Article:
It thus created an unbalanced sex ratio. Moreover, for what concerns the positions of the African and American slave women, slave women worked on the plantations and performed the same difficult work assigned to male slaves. Women worked in the fields alongside the men. However, pregnant women and also nursing mothers were often given lighter work, such as the “trash gang”. Trash gang was a gang of hands which consisted of pregnant, nursing and elderly women.
In this short story, the details of Tempie are not to explicit; however, the memories that Tempie had allow the readers to take a glimpse of what life used to be for those living in slavery. In Tempie’s writing it is apparent that her life as a slave had some negative and positive experiences. She was able to have children, be married, and learn at her plantation; whereas, on other plantations was strictly working all the time, marriages were not allowed, and some woman had children that belonged to their owners. Tempie was aware of what her role was on and the rules the owners had on the plantation. Her narrative describes a life lived as a slave in times where people were whipped, beaten, and sexually abused.
House slaves consisted of servants, maids, and butlers. They were normally treated better than the field slaves (Biel 14). They got to be inside most of the time. Owners of house slaves would usually not beat them because they wanted the slaves to look presentable for whatever guests arrived or stopped by. With house slaves, the owner’s family enjoyed a luxurious lifestyle (Biel 14).
But they were exceptions to the general rule. Most blacks in America were slaves on plantation-sized units in the seven states of the South. And with the invent of the cotton gin by Eli Whitney, more slaves were needed to work the ever-growing cotton game (Frazier, 14). The size of the plantations varied with the wealth of the planters. There were small farmers with two or three slaves, planters with ten to thirty slaves and big planters who owned a thousand or more slaves.
Also, the north had a much different economy than the south. Slaves worked in factories or shops and could take on work outside of their holder’s trade. This made the north a much different place than the south with views on what freed or enslaved blacks could do. Frederick was moved around frequently transferring from master to master. Like many slaves, it was not uncommon for a slave to be moved around multiple times and have different masters.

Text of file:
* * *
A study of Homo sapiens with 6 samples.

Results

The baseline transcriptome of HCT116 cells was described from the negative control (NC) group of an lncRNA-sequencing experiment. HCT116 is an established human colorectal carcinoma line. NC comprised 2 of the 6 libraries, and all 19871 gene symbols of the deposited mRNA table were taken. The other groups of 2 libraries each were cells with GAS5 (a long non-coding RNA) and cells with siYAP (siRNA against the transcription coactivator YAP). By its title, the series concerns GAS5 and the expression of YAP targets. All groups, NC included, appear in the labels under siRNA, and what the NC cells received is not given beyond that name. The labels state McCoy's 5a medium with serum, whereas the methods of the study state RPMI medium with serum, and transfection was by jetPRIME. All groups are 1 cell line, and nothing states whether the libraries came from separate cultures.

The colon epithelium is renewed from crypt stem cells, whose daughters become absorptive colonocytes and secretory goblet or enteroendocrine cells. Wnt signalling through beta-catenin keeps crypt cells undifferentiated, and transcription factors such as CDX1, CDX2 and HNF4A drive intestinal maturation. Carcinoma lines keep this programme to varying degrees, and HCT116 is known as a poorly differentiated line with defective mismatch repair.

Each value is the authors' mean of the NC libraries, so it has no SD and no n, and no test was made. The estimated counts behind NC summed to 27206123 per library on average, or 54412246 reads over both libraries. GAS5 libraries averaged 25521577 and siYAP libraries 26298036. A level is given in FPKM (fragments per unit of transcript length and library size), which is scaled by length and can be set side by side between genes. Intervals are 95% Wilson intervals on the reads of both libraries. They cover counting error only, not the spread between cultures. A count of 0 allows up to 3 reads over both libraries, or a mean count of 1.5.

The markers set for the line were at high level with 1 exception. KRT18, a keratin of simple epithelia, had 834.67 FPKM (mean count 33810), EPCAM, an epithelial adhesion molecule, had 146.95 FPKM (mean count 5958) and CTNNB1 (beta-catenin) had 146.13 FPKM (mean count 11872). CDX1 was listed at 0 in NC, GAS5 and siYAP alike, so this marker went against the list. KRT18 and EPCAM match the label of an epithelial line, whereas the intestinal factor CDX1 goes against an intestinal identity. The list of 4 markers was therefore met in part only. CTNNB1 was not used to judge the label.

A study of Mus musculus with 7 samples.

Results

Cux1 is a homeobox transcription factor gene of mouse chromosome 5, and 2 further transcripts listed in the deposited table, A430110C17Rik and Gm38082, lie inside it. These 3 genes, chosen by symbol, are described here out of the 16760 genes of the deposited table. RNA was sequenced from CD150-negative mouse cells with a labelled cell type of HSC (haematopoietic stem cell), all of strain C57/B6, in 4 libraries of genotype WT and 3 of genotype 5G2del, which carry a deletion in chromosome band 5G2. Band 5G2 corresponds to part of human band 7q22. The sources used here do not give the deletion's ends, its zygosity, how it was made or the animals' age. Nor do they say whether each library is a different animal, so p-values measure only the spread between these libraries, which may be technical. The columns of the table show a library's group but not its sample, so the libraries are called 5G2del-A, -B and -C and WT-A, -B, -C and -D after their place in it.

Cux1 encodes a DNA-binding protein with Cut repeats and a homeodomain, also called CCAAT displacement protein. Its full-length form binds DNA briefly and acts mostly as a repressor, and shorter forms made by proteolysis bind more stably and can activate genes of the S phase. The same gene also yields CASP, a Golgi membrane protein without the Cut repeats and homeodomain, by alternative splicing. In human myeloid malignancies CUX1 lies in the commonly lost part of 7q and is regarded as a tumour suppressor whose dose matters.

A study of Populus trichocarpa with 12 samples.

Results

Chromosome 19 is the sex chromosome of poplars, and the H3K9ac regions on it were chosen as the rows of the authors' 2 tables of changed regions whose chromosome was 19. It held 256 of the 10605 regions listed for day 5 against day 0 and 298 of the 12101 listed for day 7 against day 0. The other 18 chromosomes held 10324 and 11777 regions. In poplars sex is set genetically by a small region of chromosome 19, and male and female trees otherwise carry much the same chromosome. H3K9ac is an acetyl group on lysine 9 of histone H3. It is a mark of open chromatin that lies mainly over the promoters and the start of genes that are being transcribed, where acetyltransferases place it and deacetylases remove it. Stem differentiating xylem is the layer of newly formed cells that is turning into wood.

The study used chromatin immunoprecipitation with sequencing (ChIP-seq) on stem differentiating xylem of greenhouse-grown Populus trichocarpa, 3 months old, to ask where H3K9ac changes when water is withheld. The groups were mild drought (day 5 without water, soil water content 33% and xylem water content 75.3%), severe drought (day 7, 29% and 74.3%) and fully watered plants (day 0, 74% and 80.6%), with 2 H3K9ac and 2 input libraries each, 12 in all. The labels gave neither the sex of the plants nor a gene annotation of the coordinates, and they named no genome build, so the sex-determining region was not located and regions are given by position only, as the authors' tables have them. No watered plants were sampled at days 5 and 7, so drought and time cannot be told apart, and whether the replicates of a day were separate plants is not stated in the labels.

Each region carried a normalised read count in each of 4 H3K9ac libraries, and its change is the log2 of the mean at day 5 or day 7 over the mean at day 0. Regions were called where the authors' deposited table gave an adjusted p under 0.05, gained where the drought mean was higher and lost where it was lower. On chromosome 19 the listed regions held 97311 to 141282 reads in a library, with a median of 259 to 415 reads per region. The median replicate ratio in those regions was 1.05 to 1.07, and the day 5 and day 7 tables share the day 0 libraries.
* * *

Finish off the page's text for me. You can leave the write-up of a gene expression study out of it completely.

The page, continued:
At the end, it was unusual for a slave to know how to read and write. They were just there to perform work and didn’t really see life outside of the plantation to be motivated to learn. A female domestic slave, her relationship with the slave master would be a rough one. For a fact that the female slave was also a sex object to the slave master. If the slave were to disobey the master’s orders, the female slave would get punished for not following orders.
In the homes of the slave owners, they had house slaves. These slaves were generally treated better by the slave owner and their family. They did jobs such as household tasks like doing the dishes and doing the laundry. Often these slaves were treated as one of the family because they were always in the house helping. Some slaves trained to become factory workers, construction workers, working on canals or on roads.
These questions and more will be addressed in the following pagesWhen slaves were purchased off the ships from Africa, they ended up on plantations. The size and location of landholdings depended on the crop and the owner who purchased the slave. Most plantations were of the smaller variety and it was rare for an owner to have more than 20 slaves. Most housed only a handful of slaves, but no matter what the numbers, plantation life was pretty much the same for most slaves. Slaves were usually divided into two groups, the gang crew (usually male and did the field work) and the task crew (usually female and worked in the "big house").
In both sharecropping and tenant farming, former slaves still felt like slaves, the only difference being that the landowners didn’t have as much control over them. Now that whites didn’t “own” slaves they had to pay workers to harvest their crops, which they had trouble doing. Along with the negatives of sharecropping and tenant farming, there were some positives. Freed African Americans would have trouble getting jobs but landowners needed help to harvest their crops because they no longer had their slaves to do it. Sharecropping gave the freed African Americans a chance to get a job and make due until they can find another one that would help support them.
Some plantation owners preferred to buy women because they could do the hard work and bear children. This caused women to outnumber men in gang systems. Female slaves had a lot of responsibilities, such as work on the plantation, producing children and working in the household. Household slaves were seen to be better off than plantation slaves and their tasks included cooking, cleaning and taking care of their slave owner’s children (Hallam, 2004). Jacobs (1861) says, “why does a slave ever love?